Physicians are extremely busy. That’s why it’s important to identify solutions that can increase efficiency. One such solution is meaningful use of electronic medical records (EMR) — physicians that use more advanced functionalities in their EMR report greater efficiencies.
Use of EMRs across Canada by primary care physicians has grown over the past decade, from 37 per cent in 2009 to 85 per cent in 2017. While basic use of EMRs involves electronic entry and retrieval of patient notes and generating prescriptions, more advanced use includes:
- sending electronic referrals to specialists;
- enabling automated alerts or warnings to support safe prescribing — such as drug or drug/dose interactions;
- receiving discharge summaries for patients returning home from hospital care, and;
- use of analytic or reporting functions on practice EMR data to understand patients who may be due for follow-up care or treatment.
One of the more interesting insights from the 2018 Canadian Physician Survey looks at the relationship between use of multiple EMR functionalities and perceived practice efficiency. The study found that 92 per cent of physicians who use six to nine functionalities stated that they ‘provide more efficient health care with electronic records,’ whereas only 67 per cent of physicians who use one to two EMR functionalities agreed. The full list of functionalities is available in the study report.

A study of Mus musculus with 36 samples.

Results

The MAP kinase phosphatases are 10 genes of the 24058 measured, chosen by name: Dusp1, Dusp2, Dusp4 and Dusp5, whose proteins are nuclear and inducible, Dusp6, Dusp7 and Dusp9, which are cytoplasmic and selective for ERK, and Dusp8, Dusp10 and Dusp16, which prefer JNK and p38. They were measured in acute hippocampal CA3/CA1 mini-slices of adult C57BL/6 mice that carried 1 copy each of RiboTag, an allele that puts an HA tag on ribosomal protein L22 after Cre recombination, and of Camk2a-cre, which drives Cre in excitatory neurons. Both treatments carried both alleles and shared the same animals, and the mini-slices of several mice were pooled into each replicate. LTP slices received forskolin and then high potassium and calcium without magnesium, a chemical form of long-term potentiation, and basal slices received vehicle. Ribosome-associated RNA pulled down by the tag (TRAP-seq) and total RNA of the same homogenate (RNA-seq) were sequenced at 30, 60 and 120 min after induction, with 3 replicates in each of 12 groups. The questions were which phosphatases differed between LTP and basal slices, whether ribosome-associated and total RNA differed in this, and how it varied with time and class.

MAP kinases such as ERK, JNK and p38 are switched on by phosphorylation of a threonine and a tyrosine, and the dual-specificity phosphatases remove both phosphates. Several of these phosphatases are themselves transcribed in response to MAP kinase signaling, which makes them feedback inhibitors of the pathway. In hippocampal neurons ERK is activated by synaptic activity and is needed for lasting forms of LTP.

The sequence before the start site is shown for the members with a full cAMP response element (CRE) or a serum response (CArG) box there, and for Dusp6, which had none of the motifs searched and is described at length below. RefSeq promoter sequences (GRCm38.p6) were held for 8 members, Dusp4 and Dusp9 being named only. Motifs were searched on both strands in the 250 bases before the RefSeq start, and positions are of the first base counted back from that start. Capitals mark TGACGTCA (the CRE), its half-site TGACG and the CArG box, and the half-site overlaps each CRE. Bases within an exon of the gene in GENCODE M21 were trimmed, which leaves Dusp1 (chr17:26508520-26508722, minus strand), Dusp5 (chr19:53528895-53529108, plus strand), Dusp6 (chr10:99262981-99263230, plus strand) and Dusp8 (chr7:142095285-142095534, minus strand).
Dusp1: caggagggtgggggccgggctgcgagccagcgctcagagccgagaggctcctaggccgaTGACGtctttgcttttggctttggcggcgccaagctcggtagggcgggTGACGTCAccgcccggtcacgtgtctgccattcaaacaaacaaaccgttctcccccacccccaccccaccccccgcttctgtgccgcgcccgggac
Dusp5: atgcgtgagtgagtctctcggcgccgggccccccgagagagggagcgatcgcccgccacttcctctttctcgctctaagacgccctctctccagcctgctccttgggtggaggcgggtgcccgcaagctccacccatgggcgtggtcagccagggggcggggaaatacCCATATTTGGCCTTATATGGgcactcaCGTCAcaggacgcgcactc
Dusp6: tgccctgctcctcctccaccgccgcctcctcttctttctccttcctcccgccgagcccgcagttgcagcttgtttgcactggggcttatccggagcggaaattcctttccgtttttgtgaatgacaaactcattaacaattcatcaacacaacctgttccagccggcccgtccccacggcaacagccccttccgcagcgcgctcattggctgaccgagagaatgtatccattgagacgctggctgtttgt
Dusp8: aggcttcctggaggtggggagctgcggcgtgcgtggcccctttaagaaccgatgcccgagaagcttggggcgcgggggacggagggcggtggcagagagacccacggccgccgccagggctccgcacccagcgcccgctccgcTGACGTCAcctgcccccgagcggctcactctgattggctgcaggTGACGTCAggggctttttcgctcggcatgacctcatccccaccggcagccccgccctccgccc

This suggests that coordinated strategies that enable primary care physicians in Canada to adopt and integrate advanced EMR functionalities may increase practice efficiency. This post is the first of a two-part series and the second explores how physician usage of EMRs evolve as they grow beyond their initial first couple of years.
Chad leads national research, evaluation and communication efforts for Infoway’s Evaluation Services and Consumer Health & Innovation investment portfolios.